Chobani’s Brand Purpose Is Centered Around Humanity

President Peter McGuinness discusses how the yogurt company puts its consumers first

headshot of a man standing in front of a tree
Chobani's president shares his thoughts on social media, humanity in branding and yogurt. Chobani

The last couple of months of 2019 will be a busy time for Peter McGuinness.

The Chobani president will be joining us in California for our Brandweek event Nov. 3-6. From there, he’ll hop over to Twin Falls, Idaho, where he’ll be visiting some of the yogurt company’s factories and plants as he oversees the production of about 38 new products coming to dairy coolers over the next year.

We got to chat with McGuinness about how the company looks at new products, but also how it operates its messaging in an always-on world.

This interview has been edited for length and clarity.

Adweek: How do you navigate marketing and advertising in the always-on, social media instant feedback loop world we live in?
McGuinness: Restraint. Even brands that have a lot to say have less to say than you think. Similar to people’s personal social media, brands can fall into that same trap of oversharing. I think restraint is the way to operate in today’s always-on world. 

When you have something to say that’s very meaningful and relevant, say it. And when you don’t, don’t post things for the sake of posting or for the quantity or frequency. Quantity and frequency [are] not a strategy and won’t get to the results you need and can backfire. I mean, two-thirds of what I see out there is just not compelling; [it’s] irrelevant. 

So, who’s oversharing?
I’m not going call names out, but I think the vast majority of marketers today are oversharing. They’d be better served with more restraint and fewer posts and less frequency. [Posts] around more meaningful topics and themes would serve a brand better and would get better results and would drive more affinity with consumers. 

"[Posts] around more meaningful topics and themes would serve a brand better and would get better results and would drive more affinity with consumers."

Does that lead to you think that brands should use advertising and marketing through social around this idea of cause marketing or purpose-driven marketing?
Five, 10 years ago the buzzword was “integration.” Now the buzzword is “purpose.” That’s all everyone talks about. Brand purpose. And I think purpose is amazing, don’t get me wrong. We’ve been a purpose-based brand, a belief-based brand, from the beginning. So it’s part of our playbook for sure. 

But I think it’s a massive industry buzzword. And I think purpose needs some definition. One brand’s purpose is not another brand’s purpose, and one marketer’s view of what purpose means is not necessarily a consumer view of what purpose means. So I think you have to define purpose a little bit more. 

What’s Chobani’s purpose, then?
At the core, we’re a human company. Humanity is our purpose. And that is whether or not you’re an immigrant or a refugee or LGBTQ. … Humanity is at the essence of what our brand is about. 

We’re yogurt makers, but we really are about humanity. We do the right thing, and we have a million examples of that—not only in our hiring practices but just how we operate as a company day in and day out. We do things like pay off school lunch debt, and we’ll wade into disaster relief, whether it be forest fires or tornadoes or hurricanes. And we do food bank stuff all the time, and we did a hero batch to giver back to vets; we did a farmer batch to get back to dairy farmers. We try to help people in need.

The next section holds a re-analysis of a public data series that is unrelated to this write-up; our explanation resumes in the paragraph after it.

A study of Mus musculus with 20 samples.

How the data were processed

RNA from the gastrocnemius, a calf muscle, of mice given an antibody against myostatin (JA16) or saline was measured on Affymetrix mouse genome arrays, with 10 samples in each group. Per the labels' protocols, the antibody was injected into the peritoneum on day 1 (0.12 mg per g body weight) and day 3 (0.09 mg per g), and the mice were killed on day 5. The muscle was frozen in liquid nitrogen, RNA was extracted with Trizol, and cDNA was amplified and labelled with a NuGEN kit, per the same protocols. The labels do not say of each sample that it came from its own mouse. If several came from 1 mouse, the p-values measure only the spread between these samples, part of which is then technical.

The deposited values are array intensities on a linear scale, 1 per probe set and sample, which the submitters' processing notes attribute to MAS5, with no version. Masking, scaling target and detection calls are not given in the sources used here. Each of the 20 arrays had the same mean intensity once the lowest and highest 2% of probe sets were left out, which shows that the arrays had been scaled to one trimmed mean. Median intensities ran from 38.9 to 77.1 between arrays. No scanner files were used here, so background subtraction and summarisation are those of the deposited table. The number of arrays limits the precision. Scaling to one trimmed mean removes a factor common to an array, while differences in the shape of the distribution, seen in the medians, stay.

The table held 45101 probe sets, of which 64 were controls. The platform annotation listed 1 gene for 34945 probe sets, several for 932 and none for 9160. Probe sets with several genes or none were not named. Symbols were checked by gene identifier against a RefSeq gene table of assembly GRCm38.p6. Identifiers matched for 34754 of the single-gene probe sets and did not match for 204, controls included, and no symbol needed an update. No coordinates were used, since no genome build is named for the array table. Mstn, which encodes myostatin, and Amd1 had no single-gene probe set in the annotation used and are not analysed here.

Humanity is at the core of everything you do. Even our food philosophy: better food for more people, democratizing better food. Good food is a right, not a privilege, which is why we decided not to be bicoastal or in specialty stores and [instead] decided to put our product at a low price and high quality everywhere in the country. 

More seriously: What’s your favorite yogurt flavor?
Honey and cream. Actually, I’m going to take that back. That was my previous favorite, and I have the new favorite as of nine days ago. That is the farmer batch. The specific flavor, which is a brand new flavor: milk and cookies. It’s delicious.

"[Humanity is at the core of] our food philosophy: better food for more people, democratizing better food."

You had mentioned products. Are there other certain flavors that you are toying with as potential? New areas of interest?
We’re going to launch 38 products in the next month. We’re coming out with a lot of new yogurt varieties and flavors and formats. And then we’re launching into two new categories. So January, which is when the dairy aisle resets (January and July) is probably one of the most exciting resets we’ve had at the company so far.

When you are coming up with new products, what takes the driver’s seat? Is it nutrition or flavor?
Flavor first. I want to be very clear about that. And this is the difference, right? We’re never going to be like Soylent, where it’s like technically nutritious but freaking awful. Our food philosophy has never changed. This goes back to [company founder Hamdi Ulukaya] and DNNA. 

And I know it sounds a bit wonky: delicious, nutritious, natural, affordable. 

So delicious first, right? Because there is delicious, but then it’s gotta be nutritious and natural because there’s delicious if not nutritious. There’s nutritious that’s not natural. And then there’s nutritious and natural that’s not affordable. So we think that is the future of food, to hit all four of those. But [a flavor] doesn’t get greenlit if it doesn’t pass the delicious part. And we obsess over that because, you know, it’s a false choice to be affordable but shitty. 


@joshsternberg Josh Sternberg is the former media and tech editor at Adweek.